Fr. Z has an interesting post today on the distinction between ministry and apostolate. Fr. Z. makes the traditional distinction between ministers (read: the ordained) and the lay apostolate (which is lived “in the world”), and warns against over-extending the use of the word “ministry.” All good.
A couple of commenters press the issue: What do we call those of us who work for the Church in parish or diocesan positions? We are not “ministers” under the formal definition of the Church, yet neither are we strictly working in the lay apostolate. What are we? And what is it we do?
Lots of people smarter than me have wrestled with this question, but I’ll add my own answers to theirs.
Personally I’m ambivalent about the title “lay ecclesial minister.” It’s too bulky, too theological, and too contradictory. (If I’m a lay person, how can I be a minister under the Church’s definition?) On the other hand I don’t have a better term to offer, so I continue to use LEM as a shorthand, even while recognizing its deficiencies. (Most of the time I just describe myself as a diocesan staff member.)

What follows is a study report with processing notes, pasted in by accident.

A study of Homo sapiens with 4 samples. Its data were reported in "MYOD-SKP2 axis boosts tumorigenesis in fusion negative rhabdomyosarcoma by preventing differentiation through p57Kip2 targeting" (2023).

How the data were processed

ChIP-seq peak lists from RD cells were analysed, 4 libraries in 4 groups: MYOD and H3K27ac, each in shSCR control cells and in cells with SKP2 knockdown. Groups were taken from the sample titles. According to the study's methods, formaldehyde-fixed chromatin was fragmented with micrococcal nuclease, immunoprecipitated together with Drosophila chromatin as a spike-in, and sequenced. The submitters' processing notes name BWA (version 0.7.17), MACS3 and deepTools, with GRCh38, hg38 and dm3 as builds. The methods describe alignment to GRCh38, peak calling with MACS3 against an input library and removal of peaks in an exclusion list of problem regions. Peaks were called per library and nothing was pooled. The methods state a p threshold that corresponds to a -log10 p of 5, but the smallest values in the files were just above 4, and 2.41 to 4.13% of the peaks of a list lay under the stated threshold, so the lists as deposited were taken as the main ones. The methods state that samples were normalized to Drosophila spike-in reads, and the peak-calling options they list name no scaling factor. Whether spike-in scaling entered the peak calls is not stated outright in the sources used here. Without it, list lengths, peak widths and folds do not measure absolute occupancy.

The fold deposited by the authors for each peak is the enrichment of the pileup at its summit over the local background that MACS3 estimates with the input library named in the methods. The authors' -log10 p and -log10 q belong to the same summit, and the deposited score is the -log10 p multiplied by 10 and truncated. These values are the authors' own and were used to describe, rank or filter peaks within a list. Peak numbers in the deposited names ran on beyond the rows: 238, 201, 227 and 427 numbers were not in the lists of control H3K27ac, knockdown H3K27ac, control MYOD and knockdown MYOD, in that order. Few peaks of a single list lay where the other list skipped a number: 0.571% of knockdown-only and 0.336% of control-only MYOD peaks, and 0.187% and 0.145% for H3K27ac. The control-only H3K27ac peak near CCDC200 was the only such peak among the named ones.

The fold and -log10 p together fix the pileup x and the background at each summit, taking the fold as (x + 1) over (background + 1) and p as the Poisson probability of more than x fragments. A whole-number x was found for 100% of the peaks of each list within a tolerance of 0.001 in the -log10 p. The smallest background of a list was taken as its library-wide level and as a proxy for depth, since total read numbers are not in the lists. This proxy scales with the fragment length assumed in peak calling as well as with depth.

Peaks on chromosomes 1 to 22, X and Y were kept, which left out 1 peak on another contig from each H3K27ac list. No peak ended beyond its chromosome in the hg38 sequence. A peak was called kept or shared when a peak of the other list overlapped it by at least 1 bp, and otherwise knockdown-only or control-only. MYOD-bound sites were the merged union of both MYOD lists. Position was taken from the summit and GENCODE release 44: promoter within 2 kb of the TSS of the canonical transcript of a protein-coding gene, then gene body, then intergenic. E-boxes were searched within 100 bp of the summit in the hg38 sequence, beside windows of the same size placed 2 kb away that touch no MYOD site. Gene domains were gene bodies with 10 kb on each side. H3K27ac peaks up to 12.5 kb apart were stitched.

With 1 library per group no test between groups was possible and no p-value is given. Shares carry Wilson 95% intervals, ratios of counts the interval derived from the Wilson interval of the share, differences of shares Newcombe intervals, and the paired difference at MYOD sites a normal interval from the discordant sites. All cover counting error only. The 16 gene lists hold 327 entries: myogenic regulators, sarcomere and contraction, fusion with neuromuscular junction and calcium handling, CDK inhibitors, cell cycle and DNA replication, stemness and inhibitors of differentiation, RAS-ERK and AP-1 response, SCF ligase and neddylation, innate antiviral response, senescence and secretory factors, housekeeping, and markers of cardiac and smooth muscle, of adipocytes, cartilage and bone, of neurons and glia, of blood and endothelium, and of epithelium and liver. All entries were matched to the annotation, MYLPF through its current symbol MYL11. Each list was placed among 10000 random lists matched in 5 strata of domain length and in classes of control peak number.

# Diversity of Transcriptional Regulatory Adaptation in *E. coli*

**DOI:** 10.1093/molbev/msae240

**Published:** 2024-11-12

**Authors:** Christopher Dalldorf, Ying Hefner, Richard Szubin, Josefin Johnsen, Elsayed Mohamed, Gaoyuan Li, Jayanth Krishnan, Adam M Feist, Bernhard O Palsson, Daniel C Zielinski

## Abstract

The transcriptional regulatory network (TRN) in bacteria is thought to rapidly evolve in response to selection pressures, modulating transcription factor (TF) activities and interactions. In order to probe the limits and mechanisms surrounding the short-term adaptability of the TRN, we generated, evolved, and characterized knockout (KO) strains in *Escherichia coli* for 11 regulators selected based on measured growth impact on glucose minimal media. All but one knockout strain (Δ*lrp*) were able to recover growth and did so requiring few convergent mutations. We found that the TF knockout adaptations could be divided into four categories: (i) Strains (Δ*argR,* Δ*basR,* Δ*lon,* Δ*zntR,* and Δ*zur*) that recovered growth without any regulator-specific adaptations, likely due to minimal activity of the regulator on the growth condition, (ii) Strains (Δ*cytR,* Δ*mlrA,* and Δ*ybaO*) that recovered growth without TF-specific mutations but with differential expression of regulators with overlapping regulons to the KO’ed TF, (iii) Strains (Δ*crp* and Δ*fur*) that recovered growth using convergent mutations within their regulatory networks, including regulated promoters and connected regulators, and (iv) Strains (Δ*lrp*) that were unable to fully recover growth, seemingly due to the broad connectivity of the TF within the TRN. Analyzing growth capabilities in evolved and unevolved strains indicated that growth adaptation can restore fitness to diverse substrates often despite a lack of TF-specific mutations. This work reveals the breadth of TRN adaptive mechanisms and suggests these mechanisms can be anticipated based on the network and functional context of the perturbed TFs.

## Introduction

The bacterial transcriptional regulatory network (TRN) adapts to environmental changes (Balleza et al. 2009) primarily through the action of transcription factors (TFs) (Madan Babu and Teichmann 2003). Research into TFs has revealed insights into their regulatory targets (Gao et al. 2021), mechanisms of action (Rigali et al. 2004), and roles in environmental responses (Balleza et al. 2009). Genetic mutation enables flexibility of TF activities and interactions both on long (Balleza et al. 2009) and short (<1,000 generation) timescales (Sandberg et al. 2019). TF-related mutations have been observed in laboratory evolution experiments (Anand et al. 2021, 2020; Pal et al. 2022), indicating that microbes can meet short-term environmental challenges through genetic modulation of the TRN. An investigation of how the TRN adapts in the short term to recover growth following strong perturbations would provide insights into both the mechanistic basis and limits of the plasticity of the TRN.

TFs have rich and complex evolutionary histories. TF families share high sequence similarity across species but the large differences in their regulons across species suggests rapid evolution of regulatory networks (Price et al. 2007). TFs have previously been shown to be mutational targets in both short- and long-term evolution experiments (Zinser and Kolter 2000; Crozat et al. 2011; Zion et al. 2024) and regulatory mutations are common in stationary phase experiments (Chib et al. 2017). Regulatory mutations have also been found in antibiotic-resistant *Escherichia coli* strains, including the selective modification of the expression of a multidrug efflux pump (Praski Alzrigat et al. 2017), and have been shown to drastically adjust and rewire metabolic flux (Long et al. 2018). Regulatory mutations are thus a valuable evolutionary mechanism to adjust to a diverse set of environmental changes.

At the same time I readily identify my work as “ministry,” in so far as it cooperates with the work of my bishop. My role serves to further the teaching office of the bishop (and, to a lesser extent, his sanctifying and governing office); I am, in a way, a tool of the bishop’s ministry. The same could be said for those who work under a pastor in a parish.
I’d be interested to hear how others describe themselves and their work on behalf of the Church. Do you use the phrase Lay Ecclesial Minister in polite company? Do you think you do ministry?